You Need To Know These Facts About Bruxism

The COVID-19 pandemic fundamentally changed how we operate. The world turned upside down in the blink of an eye, leaving its inhabitants scrambling to pick up the pieces. With all the scrambling came undue hardship, and with undue hardship came undue stress, which is notorious for wreaking havoc on the body. Bruxism – also known as teeth grinding – is often the result of stress. An estimated 20 million Americans already suffer from bruxism, but that number is rising. In fact, dentists agree the stress from the global pandemic is a contributing factor to the rise in bruxism.

How Bruxism Impacts Your Oral Health

A bruxism patient with worn enamel and exposed dentin.

Up to 250 pounds of force are yielded during nighttime clenching and grinding. Such force can result in broken or chipped teeth, broken fillings, and increases the risk of tooth decay. When a person is bruxing during the night, tooth enamel – the protective layer of the teeth – is worn away, exposing the tooth’s dentin.

In more severe cases, loosening of the teeth may occur. Untreated bruxism leads to frequent dental visits.

As a result of the clenching, grinding, and exposed dentin, the affected teeth become very sensitive. Eating foods that are hot, cold, or crunchy can be extremely uncomfortable and sometimes painful.

Have a sweet tooth? Tread lightly. Sugar already posed a threat to healthy teeth, but without the protective layer of enamel, sugar feeds oral bacteria at an expedited rate.


It Doesn’t Stop There

The temporomandibular joints (TMJ) can make a ‘clicking’ sound and become quite sore due to clenching and grinding of the teeth

Bruxism also affects the temporomandibular joint (TMJ), a hinge that connects your jaw to your skull. Bruxism puts a lot of pressure on the joint, so it’s not uncommon to experience a clicking feeling, headaches, earaches, or general feelings of soreness.

If left untreated, tooth decay from bruxism can lead to heart disease. Bacteria from the decay seep into the bloodstream, causing an infection and weakening of the heart.

Bruxism is also a leading cause of gum recession, which creates yet another gateway for bacteria to infect the bloodstream.


Treatment Options

There is good news, though. Teeth can be fixed, a nightguard can help prevent damage to your teeth and gums, and your smile will look better than ever! With cosmetic dentistry, anything is possible. We specialize in several different treatment options, each based on the severity of damage.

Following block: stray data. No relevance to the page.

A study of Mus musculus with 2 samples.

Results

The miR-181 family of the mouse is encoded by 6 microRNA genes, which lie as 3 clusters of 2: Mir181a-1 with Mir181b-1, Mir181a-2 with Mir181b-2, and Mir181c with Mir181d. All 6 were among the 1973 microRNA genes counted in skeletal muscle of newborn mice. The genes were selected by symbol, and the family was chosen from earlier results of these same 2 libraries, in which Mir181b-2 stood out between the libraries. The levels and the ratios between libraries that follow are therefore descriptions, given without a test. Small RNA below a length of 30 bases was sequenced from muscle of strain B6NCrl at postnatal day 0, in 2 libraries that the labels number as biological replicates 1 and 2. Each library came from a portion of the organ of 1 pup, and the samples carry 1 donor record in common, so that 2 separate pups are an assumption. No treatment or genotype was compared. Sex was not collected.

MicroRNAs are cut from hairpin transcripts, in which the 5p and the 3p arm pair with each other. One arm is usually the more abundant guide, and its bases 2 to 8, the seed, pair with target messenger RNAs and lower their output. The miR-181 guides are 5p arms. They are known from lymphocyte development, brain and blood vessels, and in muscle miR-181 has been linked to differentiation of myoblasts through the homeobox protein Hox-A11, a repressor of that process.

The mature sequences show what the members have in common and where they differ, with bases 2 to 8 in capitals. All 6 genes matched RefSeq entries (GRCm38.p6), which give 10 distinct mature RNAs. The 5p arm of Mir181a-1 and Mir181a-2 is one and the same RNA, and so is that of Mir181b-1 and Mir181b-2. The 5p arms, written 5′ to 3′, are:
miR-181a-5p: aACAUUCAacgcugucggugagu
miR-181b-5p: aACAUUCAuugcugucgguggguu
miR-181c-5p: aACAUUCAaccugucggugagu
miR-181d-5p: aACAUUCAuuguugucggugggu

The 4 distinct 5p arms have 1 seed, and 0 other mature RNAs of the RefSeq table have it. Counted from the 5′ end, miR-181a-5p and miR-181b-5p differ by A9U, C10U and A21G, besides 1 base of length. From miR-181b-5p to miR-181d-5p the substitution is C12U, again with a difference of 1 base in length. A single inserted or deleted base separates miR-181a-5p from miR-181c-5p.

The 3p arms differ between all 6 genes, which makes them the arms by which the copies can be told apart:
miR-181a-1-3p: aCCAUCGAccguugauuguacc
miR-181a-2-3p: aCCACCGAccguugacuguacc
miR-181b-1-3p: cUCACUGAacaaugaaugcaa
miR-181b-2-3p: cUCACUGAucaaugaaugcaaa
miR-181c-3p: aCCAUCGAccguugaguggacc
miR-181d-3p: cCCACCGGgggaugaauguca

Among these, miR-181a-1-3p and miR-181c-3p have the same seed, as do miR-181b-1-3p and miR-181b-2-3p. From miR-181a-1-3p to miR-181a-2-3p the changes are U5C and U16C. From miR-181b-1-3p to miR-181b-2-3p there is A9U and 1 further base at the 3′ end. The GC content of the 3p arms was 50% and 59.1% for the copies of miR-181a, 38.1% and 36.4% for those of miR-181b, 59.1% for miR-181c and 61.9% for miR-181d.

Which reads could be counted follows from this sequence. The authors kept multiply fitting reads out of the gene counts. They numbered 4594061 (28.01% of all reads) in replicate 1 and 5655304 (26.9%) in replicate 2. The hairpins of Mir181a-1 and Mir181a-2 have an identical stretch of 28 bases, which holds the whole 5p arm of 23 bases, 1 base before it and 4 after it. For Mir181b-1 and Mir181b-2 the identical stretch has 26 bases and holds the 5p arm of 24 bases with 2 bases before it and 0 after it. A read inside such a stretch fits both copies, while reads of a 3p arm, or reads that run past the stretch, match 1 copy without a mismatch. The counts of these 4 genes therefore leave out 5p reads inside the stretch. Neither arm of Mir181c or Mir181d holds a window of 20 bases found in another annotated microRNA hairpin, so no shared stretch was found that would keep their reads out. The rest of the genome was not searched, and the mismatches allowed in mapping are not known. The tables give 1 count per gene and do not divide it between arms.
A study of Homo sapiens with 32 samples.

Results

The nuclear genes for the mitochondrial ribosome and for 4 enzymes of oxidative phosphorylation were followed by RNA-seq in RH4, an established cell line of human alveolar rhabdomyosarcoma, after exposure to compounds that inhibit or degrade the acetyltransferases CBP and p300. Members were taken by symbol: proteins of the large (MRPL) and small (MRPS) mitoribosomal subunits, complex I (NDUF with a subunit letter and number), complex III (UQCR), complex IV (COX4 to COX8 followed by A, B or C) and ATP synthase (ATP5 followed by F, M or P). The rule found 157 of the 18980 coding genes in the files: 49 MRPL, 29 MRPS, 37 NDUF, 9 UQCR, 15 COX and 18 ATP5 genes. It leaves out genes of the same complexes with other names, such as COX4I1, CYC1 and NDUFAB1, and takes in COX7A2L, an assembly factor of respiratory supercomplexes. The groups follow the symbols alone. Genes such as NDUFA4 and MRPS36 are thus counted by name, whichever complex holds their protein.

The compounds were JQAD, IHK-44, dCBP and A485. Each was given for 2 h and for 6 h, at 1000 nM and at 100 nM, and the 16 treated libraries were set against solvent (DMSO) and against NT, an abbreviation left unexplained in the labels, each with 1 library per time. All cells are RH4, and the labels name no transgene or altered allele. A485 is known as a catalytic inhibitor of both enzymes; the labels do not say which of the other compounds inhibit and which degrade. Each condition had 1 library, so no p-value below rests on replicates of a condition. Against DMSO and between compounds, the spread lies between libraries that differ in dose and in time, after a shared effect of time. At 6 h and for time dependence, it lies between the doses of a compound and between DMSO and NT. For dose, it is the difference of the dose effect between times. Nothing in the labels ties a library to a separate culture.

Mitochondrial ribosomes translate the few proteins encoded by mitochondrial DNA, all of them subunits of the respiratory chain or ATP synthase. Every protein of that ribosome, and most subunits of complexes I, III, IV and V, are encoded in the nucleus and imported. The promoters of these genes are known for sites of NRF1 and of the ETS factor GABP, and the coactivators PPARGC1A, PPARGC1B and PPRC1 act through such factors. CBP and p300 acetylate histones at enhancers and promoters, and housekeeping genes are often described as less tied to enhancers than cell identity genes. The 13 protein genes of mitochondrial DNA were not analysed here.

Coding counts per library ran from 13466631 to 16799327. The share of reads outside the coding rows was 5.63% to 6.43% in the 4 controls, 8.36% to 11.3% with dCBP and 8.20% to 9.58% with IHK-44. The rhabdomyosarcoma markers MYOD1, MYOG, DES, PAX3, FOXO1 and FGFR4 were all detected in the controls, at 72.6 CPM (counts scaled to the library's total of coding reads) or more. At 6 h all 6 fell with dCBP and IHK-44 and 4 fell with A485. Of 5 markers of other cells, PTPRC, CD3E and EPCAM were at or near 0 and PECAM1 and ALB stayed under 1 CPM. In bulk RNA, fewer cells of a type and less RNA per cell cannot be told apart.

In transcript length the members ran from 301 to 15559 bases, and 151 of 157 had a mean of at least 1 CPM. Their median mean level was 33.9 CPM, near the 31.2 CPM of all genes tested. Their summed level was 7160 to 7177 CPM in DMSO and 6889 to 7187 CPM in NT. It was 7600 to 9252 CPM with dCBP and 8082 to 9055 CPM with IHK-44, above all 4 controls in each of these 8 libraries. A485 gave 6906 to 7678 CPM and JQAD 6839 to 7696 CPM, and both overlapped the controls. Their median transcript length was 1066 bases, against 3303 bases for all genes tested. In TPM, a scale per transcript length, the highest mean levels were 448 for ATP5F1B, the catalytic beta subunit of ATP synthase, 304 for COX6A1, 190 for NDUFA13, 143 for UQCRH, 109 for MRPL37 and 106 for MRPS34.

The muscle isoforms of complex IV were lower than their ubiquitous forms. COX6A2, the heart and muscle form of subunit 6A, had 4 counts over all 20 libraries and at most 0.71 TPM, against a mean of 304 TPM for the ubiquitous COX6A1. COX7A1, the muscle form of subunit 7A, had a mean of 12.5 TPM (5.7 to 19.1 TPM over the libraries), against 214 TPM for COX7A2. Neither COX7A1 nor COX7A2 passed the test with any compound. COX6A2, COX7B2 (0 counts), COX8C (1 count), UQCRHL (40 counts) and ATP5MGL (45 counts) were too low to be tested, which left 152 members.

• Composite Fillings: Ideal for cavities caused by grinding. If there is still usable enamel left on the teeth, a dentist may recommend a composite filling as a more conservative approach.
  • Dental Bonding: Ideal for chipped or lightly cracked teeth caused by clenching and grinding. The material is made up of composite filling and color-matched to the shade of the patient’s teeth.
  • Porcelain Crowns: Ideal for teeth with significant wear and exposed dentin.
  • Dental Implants: Ideal for loose, broken or abscessed teeth.
  • Acrylic Dayguards: Ideal for anyone experiencing daytime bruxism. A dayguard acts as a barrier that pauses premature wear and tear caused by bruxism.
  • Acrylic Nightguards: Ideal for anyone experiencing nighttime bruxism. A nightguard acts as a barrier that pauses premature wear and tear caused by bruxism.
A bruxism patient with a composite filling and a crown.
Same patient with color-matched dental bonding.

When To See The Dentist

Pay attention to your teeth. If you are experiencing increased tooth sensitivity or pain when chewing, it’s time to reach out. Preventative care is also crucial for addressing problematic conditions such as bruxism. As dentists, we recommend dental screenings every six months, at a minimum. Cleanings are usually done the same day. Give us a call at 440-888-6449 or send us an email to request an appointment.